Another vote for bitless, at least until your horse can become more comfortable & responsive. I would NOT attempt to force him, with a 'harsher' bit. Regular snaffles are plenty harsh when used strongly.
Now I can ride him around with very light contact on this bridle just fine, he will do nothing more than stick his nose out. Because he is so fond of sticking his nose out rather than bringing it down and softening he has an EXTREMELY over developed muscle under the neck and almost nothing on his top line, his ewe-neck is pretty ugly. ...Picking up the contact with him and sponging and asking him to soften and go on the bit for me usually turns into him getting annoyed and sticking his nose out more or shortening his neck.
First & foremost, sounds like he's dealing with a physical issue there & is hurting. I'd want to treat/rule that out before treating it as a training issue. It is not a comfortable way for a horse to go, but it may have become the most comfortable position for him to carry you in, if he has saddle fit, back, neck, mouth, bit, rider balance, hoof, etc... issues. Have you tried him bitless, to rule out mouth pain at least? I would quit riding him until you've sorted the physical issues out.
Training-wise, it sounds like perhaps it's your mother that needs more training, perhaps to begin with on a 'softer' horse, so she can learn & enjoy. If he is fine for you to ride softly, I imagine it is your mother's nervousness that is keeping her 'tight' - through the body & hands, which will understandably make him more antsy & resistant. Using a 'bigger bit' to allow her to inflict more pain on him is only likely to escalate his resistance.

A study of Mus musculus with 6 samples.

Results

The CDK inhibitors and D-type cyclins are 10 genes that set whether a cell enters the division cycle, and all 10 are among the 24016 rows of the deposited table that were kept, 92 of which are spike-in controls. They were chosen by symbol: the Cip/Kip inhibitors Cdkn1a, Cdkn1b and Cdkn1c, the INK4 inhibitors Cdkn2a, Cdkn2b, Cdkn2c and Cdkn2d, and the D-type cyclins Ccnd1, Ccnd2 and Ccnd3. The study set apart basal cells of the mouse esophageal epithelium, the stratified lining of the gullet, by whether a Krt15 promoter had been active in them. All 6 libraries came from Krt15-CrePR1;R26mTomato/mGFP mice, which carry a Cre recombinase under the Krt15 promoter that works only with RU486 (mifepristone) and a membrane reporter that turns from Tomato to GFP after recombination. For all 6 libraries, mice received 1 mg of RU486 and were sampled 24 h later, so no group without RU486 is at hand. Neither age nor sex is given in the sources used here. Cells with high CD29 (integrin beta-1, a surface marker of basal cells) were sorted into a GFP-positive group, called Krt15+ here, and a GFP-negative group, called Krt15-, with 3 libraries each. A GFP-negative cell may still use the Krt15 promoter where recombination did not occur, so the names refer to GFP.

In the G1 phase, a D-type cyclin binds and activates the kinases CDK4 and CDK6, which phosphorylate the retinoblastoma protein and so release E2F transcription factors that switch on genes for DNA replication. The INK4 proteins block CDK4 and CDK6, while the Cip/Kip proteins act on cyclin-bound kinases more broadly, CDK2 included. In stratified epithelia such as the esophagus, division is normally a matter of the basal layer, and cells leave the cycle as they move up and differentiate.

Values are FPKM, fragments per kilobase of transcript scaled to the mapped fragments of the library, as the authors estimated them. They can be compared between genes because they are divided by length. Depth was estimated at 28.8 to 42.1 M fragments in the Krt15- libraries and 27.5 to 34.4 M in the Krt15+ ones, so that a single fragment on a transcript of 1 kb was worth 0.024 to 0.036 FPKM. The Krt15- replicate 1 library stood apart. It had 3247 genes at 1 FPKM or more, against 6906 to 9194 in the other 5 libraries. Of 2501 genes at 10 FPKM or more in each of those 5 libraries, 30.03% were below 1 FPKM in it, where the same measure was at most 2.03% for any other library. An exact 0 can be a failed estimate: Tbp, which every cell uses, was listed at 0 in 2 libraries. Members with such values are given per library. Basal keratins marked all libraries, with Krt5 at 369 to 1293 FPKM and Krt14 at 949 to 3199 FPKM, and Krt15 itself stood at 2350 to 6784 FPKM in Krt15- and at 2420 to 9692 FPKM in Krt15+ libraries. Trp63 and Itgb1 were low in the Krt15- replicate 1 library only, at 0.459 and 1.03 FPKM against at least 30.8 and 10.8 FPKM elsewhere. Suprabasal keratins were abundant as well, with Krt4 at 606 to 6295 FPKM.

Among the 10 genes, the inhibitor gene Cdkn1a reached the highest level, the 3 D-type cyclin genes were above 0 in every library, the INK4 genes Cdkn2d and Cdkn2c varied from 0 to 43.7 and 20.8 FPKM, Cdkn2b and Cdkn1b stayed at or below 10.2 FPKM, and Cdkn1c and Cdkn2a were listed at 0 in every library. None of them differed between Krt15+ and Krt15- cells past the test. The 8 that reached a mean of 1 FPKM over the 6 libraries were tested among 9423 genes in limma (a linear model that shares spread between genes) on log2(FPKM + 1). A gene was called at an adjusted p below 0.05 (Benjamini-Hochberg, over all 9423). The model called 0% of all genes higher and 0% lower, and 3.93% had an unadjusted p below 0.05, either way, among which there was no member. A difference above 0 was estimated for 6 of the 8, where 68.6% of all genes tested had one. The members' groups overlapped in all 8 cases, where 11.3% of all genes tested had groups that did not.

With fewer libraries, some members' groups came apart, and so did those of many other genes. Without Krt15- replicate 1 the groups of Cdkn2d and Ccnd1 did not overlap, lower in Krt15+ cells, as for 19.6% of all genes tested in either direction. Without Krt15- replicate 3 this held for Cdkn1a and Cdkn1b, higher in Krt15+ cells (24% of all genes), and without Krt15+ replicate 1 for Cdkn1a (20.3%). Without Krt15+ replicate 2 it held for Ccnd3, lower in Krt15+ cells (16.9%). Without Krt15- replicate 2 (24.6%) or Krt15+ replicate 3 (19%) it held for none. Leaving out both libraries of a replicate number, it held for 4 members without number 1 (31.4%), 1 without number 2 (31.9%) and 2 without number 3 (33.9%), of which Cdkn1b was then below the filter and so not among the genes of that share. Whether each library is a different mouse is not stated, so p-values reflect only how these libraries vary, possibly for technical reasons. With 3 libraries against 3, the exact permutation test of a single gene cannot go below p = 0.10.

I would work on getting your mum more confident & therefore relaxed. Is she nervous about everything, or is she OK with some? If she's OK with some things, I'd start with them, or else just start out getting her to sit on the horse, &/or be led around at a walk. Only once she's confident & relaxed about this would I ask her to try *a little* more. Get her confident at each step of the way before *gradually* doing more, so that she won't tighten up & make your horse reactive & bracey.
By strong I mean holding him so hard on the outside that my inner elbow hurts
If it hurts you, imagine how it feels via a bit of metal in his sensitive mouth!!
I appreciate you've paid that 'expert' to advise you as such, but IMO it's people like that that need to be bitted & yanked around. He must be a wonderful personality, to put up with this without (more) argument. Sounds like your instructors have not helped you see things from the horse's point of view & have never considered that maybe he physically *can't* softly do as you ask. Perhaps (as well as fixing physical issues first) you need a more considerate trainer.